While ophthalmologists--medical doctors who treat the eye--are great when you have an ocular emergency, ideally, you don't want to see one with the frequency with which you visit your primary care provider. Here are six tips for staying out of the ophthalmologist's office on a regular basis.

1. Get a Regular Eye Exam

You should have your eyes examined regularly, from once every few years to annually depending on your age and your risk factors. Your general practitioner can advise you how often you need to go.

If you are at risk for glaucoma due to high blood pressure, diabetes, or of African-American, Asian, or Latino heritage, expect to see the optometrist once a year for a dilated eye exam that checks for glaucoma. The effects of glaucoma can be mitigated with medication and lifestyle changes, but this condition is often asymptomatic until late in its progression.

2. Don't Smoke

Smoking increases your risk for all kinds of eye disease by raising blood pressure, depriving your body of oxygen, and filling your body with dangerous chemicals. These risks are also transferred in many instances to people who are inhaling your secondhand smoke.

Cigarette smoking, for example, puts you at much greater risk of age-related macular degeneration, a disease in which people slowly lose their vision and frequently become blind.

3. Don't Overuse Eye Drops

Overusing over-the-counter eye drops can cause rebound effects where your symptoms actually become worse, much like using nasal sprays. If you suffer from dry, red, or itchy eyes, talk to your doctor about the possibility of prescription drops. Only use any recommended eye drops as directed.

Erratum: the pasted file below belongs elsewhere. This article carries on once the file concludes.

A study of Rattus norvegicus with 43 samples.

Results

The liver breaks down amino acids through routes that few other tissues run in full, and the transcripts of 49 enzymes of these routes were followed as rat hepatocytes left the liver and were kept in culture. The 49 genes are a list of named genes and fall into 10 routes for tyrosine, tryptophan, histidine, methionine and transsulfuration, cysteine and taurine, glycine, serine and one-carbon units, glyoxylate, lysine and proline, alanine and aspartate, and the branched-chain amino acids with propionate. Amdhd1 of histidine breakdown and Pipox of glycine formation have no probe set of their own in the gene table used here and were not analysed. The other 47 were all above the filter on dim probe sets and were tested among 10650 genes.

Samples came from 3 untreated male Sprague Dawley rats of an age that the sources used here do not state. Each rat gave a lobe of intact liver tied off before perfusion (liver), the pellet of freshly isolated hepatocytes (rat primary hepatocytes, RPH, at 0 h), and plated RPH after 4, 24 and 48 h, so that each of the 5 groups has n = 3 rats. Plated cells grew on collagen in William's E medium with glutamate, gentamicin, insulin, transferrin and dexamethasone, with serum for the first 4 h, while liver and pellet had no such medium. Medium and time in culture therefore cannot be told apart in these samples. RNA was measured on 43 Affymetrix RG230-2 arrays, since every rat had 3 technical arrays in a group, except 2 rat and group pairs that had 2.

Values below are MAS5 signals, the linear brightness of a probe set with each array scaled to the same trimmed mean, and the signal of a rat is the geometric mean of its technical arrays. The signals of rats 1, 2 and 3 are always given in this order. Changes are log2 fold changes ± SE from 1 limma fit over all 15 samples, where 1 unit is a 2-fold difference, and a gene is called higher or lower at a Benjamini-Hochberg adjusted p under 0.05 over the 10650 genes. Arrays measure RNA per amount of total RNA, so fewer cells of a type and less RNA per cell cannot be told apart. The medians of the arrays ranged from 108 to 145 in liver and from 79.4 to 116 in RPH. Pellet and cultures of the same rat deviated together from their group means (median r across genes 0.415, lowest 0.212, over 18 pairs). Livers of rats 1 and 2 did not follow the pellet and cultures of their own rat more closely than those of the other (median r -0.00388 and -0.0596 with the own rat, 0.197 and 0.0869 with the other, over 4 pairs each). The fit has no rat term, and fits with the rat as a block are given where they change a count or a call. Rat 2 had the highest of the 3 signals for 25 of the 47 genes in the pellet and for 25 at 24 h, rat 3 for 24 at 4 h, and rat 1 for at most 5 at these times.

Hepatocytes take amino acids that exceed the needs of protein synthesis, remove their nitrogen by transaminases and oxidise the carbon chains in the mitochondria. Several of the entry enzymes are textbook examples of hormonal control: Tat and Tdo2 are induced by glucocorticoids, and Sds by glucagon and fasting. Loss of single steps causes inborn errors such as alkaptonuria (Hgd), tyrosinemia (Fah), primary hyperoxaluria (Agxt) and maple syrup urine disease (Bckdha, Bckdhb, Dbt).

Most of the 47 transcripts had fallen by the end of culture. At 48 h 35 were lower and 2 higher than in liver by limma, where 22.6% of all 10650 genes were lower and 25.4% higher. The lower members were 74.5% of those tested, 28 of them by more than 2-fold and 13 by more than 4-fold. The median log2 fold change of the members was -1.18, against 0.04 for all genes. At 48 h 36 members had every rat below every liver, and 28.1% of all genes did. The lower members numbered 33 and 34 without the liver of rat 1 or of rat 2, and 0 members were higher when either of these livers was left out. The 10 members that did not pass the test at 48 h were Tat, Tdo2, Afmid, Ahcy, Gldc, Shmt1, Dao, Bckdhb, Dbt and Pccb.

4. Eat Foods That Are Good for Your Eyes

Good eye health can start at the dinner table. Here are some foods that are proven to be good for your eyes:

  • strawberries
  • grapefruit
  • kale, spinach, and leafy green vegetables
  • blueberries
  • wheat germ
  • nuts

These foods are loaded with vitamins that your eyes need, and they offer antioxidant defense from free radicals than can cause cellular damage in eye disease.

5. Use Ophthalmologist-Tested Products

It used to be when you bought makeup or skin care products, you rolled the dice when it came to their long-term effects on your eyes. Now, however, you can purchase items like foundation and makeup remover that are ophthalmologist-tested, so you know they're not going to cause irritation or damage to your eyes.

Here's a tip too for applying creams and lotions around the eye area, like anti-aging treatments: products migrate towards your eye as the day or night goes on. Apply them further out from your eye and let them work their way to the target area, rather than having them wind up in your eyes a few hours after application.

6. Take Good Prenatal Care

As mentioned above, smoking is a terrible habit when it comes to your eyes, and that goes for your unborn child as well. Taking good care of yourself during your pregnancy can help give your baby better eyesight when it's born.

Carrying the baby to term is an important part of this concept. Retinopathy of prematurity is a leading cause of blindness in babies who are born prematurely. When you take your prenatal health seriously with diet, exercise, and proper medical care, you help your baby make it through the entire three trimesters.

Your ophthalmologist is happy to see you when you have a serious eye problem. Meanwhile, however, use these tips above to keep your visits there few and far between, and you'll both feel better for it. Contact a company like Arizona Eye Specialists for more information.